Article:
As June approaches, the minds of the Great British public inevitably turn to a concentrated selection of topics; balmy summer afternoons, strawberries and cream and the sound of racquet striking ball… yes, you’ve guessed it – Wimbledon. For two weeks, the eyes of the nation become fixed on south-west London as once again, the (arguably) most famous and most prestigious tennis tournament gets under way.
Our house is no exception. My mum and brother are huge fans of Wimbledon and sit for hours watching the matches, or discussing the players at mealtimes; bemoaning, along with the rest of the country, as each British player gets knocked out. It doesn’t matter where we happen to be at the time. I have many memories of holiday cottages in the Lake District or Yorkshire, lying slumped in a chair or desperately trying to otherwise distract myself from the boredom which inevitably descends on me at this time of year.
In today’s news, Conservative MP Philip Davies offered a unique and quite frankly, baffling solution to one of the UK’s hardest hitting unemployment problems. Those who have physical or mental disabilities, Mr. Davies said, should ‘be given the option’ to offer themselves for employment at less than the minimum wage (which currently stands at £5.93p/h).
His argument, condensed, is this. Disabled people are heavily discriminated against in the employment market. When given the choice between a disabled applicant and one who is more able-bodied, employers will automatically choose the able-bodied person as they will be ‘more productive’ and ‘less of a risk’. As a result, disabled people are being done ‘a huge disservice’, as they are not given the chance to prove otherwise. He believes that disabled people should be given the choice to work at a lower rate to make employers more likely to employ them in a cash-strapped economy.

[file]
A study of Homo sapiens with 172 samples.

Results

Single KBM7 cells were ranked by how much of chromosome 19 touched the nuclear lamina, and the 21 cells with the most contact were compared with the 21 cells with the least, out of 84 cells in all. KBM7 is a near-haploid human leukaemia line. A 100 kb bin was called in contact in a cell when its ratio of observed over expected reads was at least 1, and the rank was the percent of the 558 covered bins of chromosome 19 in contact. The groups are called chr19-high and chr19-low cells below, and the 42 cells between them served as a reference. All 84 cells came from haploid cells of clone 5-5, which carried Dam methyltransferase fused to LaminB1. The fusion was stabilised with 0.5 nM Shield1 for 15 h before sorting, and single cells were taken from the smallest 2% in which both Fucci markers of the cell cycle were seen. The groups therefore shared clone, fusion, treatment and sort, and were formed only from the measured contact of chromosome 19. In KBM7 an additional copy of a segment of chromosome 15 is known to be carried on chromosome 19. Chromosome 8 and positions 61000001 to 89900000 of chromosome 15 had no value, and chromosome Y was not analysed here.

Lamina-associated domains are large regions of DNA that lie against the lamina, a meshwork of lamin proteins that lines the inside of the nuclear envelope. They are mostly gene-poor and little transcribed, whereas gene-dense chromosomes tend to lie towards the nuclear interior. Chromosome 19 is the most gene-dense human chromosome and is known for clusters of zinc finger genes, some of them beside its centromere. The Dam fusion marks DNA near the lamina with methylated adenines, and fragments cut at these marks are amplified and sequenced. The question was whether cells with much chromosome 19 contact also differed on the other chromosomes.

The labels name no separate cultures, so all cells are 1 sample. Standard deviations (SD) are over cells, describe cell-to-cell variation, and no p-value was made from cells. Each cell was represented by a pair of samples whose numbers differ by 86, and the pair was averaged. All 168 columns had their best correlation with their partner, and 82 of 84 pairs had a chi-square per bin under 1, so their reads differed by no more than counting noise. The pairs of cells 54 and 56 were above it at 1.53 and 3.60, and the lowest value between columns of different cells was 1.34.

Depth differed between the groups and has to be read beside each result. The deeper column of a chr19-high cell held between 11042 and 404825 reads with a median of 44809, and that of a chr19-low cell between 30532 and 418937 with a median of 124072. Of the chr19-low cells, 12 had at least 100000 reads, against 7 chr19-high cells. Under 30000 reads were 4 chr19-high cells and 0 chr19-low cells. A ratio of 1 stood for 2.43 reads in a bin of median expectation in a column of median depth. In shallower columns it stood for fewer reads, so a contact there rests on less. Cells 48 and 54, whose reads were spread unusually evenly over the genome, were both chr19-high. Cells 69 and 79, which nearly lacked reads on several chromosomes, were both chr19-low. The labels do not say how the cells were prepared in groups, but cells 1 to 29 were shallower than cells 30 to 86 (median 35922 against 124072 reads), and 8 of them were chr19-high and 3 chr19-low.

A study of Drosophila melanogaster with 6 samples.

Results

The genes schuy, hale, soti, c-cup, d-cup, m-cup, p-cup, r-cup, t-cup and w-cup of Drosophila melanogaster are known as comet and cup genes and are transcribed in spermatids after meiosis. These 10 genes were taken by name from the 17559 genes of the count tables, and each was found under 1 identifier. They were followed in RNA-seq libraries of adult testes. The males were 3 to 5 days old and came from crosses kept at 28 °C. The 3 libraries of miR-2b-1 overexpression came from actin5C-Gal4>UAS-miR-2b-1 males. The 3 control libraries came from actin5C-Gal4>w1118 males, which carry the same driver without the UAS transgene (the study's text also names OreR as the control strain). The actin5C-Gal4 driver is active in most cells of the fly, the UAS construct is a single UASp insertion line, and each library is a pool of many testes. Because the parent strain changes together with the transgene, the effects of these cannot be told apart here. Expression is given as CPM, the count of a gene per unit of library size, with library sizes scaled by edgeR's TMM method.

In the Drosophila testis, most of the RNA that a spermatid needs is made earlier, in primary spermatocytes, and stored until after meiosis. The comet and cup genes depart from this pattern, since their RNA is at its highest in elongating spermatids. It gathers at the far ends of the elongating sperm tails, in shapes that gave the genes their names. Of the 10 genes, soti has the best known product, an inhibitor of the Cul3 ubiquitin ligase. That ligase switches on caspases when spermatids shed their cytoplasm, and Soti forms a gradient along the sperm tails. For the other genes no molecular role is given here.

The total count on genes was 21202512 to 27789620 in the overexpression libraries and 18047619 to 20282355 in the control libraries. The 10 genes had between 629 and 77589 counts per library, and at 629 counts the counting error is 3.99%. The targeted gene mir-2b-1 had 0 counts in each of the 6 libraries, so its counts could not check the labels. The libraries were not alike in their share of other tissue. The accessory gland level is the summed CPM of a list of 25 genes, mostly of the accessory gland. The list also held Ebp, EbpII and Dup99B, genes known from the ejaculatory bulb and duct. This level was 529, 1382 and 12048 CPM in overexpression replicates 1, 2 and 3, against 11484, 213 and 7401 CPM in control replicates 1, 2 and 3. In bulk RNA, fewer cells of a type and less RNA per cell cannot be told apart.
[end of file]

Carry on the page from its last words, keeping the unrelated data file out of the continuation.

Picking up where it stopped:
There are more than a few issues I have with this idea.
Last night was, well… interesting. Last week, I would never have imagined that I would spend the evening in a darkened tavern, playing a wooden board game with an orc, a warrior monk and a high priest of the Sordanite faith. We struggled to see the dice under the feeble light of a single candle. With our counters mostly captured the orc roared his approval at a game soon to be won; that is, until a cold breeze and shrill cackling on the air announced the presence of air demons! One swirled around our table and blew out our light, then disappeared into the darkness as the sound of chairs scraping backwards and swords being unsheathed left our game completely forgotten.
Oh, and did I mention? I was an elf.